Tuesday's sessions were spent looking ahead to possibilities for 2012. The morning started with the experiments' desiderata for the year. The key requirement was either discovery of Higgs or its exclusion at the 95% confidence level down to 115 GeV. To achieve this ATLAS and CMS will need an integrated luminosity in the order of 15 inverse femtobarns (fb-1).
We then discussed potential improvements to performance and machine availability with presentations on maximising the time the LHC is delivering collisions to the experiments, and the potential of the injectors to provide bunches with higher intensities and the smallest possible beam size. Both measures improve collision rates. Measures taken during the Christmas stop to reduce the effects of radiation on the electronics in the LHC tunnel will also improve machine performance in 2012.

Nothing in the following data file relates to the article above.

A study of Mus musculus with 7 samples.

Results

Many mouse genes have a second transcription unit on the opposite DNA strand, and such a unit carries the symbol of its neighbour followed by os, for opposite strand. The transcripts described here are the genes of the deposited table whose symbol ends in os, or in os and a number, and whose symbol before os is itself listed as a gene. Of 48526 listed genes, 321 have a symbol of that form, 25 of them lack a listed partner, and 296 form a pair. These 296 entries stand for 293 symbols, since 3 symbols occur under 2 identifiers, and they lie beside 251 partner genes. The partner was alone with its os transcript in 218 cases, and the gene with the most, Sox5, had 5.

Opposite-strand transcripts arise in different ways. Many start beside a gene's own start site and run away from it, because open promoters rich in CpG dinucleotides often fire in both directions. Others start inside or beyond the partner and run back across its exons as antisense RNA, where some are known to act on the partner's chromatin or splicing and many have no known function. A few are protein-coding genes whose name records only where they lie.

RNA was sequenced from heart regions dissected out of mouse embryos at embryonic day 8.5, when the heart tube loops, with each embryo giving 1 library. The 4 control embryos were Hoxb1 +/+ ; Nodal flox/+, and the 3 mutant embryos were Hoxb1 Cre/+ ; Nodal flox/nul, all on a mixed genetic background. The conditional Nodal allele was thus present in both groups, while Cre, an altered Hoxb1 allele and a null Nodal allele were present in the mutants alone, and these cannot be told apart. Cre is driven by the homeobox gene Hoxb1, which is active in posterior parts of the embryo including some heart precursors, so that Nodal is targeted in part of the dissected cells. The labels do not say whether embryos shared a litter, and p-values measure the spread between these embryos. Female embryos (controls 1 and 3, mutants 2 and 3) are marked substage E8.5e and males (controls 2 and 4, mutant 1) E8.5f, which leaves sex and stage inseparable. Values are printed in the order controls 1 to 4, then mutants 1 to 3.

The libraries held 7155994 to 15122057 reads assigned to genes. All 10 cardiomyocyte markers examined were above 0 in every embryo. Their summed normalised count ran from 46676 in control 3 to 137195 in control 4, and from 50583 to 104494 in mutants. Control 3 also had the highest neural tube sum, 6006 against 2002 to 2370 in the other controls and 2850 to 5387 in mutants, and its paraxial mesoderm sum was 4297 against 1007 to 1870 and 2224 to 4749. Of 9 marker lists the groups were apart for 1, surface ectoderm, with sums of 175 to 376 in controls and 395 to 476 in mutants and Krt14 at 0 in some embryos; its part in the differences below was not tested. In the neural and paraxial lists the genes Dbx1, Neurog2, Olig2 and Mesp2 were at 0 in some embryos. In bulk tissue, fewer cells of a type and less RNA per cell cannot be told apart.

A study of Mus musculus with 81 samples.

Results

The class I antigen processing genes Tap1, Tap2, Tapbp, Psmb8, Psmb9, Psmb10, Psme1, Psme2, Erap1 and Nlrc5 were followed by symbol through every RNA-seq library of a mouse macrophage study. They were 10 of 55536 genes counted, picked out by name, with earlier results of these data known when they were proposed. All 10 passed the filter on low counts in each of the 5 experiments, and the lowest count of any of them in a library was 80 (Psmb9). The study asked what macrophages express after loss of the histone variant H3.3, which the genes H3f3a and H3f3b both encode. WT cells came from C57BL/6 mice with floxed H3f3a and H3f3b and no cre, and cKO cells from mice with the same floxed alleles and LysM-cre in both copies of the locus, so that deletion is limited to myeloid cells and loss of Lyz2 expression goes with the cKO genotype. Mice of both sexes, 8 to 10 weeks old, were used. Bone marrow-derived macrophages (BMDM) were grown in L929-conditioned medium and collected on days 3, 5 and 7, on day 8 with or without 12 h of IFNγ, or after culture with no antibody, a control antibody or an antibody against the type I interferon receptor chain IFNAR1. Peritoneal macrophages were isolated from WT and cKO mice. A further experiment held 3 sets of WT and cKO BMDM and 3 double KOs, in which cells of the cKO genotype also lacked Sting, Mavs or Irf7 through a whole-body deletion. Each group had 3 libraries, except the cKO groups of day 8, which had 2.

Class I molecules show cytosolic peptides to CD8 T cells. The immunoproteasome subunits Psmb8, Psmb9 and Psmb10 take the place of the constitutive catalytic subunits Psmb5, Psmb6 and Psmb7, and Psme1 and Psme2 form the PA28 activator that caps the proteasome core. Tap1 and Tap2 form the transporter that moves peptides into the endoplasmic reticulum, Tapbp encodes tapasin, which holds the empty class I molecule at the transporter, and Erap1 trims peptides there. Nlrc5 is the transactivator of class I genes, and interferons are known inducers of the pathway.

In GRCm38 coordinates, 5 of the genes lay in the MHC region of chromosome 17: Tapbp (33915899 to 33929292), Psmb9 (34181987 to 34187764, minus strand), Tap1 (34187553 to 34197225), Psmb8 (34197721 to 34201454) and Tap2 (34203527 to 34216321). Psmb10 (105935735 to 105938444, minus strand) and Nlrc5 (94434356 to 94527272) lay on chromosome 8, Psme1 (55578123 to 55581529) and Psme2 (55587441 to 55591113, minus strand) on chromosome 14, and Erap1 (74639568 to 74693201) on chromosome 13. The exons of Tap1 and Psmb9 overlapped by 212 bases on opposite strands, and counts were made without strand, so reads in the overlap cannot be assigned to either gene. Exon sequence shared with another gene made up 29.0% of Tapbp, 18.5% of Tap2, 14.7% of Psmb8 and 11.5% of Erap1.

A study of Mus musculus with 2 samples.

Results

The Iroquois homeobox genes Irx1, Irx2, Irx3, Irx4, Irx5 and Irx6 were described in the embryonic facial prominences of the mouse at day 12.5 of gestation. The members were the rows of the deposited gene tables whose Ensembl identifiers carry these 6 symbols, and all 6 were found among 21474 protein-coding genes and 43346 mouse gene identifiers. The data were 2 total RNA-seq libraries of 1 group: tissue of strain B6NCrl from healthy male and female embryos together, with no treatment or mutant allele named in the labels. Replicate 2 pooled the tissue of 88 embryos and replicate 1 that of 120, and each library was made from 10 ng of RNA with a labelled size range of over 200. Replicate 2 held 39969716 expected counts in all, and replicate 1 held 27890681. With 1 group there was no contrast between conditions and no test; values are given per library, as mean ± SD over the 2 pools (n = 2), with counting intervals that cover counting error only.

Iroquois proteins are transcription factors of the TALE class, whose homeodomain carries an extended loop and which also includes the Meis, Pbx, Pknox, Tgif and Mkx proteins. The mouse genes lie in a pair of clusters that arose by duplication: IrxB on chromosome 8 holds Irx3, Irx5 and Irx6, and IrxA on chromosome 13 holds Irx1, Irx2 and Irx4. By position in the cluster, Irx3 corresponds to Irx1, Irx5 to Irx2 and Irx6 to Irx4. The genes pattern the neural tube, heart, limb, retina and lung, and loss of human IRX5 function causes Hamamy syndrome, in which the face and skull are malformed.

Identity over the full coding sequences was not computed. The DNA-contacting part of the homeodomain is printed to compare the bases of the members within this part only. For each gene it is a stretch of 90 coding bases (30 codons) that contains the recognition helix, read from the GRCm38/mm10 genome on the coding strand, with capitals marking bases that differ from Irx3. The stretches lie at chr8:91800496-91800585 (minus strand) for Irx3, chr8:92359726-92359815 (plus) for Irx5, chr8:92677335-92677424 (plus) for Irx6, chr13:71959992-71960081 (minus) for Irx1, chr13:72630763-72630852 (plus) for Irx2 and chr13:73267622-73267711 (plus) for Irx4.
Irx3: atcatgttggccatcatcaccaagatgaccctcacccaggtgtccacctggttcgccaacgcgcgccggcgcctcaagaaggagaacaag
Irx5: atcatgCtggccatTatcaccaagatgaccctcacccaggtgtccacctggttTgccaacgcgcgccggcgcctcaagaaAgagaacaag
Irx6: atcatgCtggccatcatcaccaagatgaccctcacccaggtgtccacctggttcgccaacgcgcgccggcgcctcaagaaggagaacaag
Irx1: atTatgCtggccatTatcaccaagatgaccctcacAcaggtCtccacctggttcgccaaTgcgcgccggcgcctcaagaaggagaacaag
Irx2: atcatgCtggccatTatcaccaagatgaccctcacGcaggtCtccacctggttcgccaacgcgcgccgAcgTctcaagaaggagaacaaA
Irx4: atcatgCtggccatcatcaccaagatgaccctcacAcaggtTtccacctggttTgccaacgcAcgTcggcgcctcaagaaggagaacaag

The possibility for running at a beam energy of 4 TeV was put on the table. Discussions will continue and a final decision will be a clear outcome of the workshop. One of the big successes of 2011 was the squeeze – the reduction of the beam size at the interaction point – which was pushed in the latter part of the year. Squeezing further in 2012 might be possible in combination with the use of tighter collimator settings. This could give a peak luminosity of around 6x1033 cm-2s-1 compared with the maximum of 3.6x1033 cm-2s-1 in 2011.
With a bunch spacing of 50 nanoseconds, a total of 1380 bunches (as in 2011), 15 fb-1 seems to be in reach if the tighter collimator settings prove to be operationally robust and the impressive performance of the LHC's many hardware systems continues.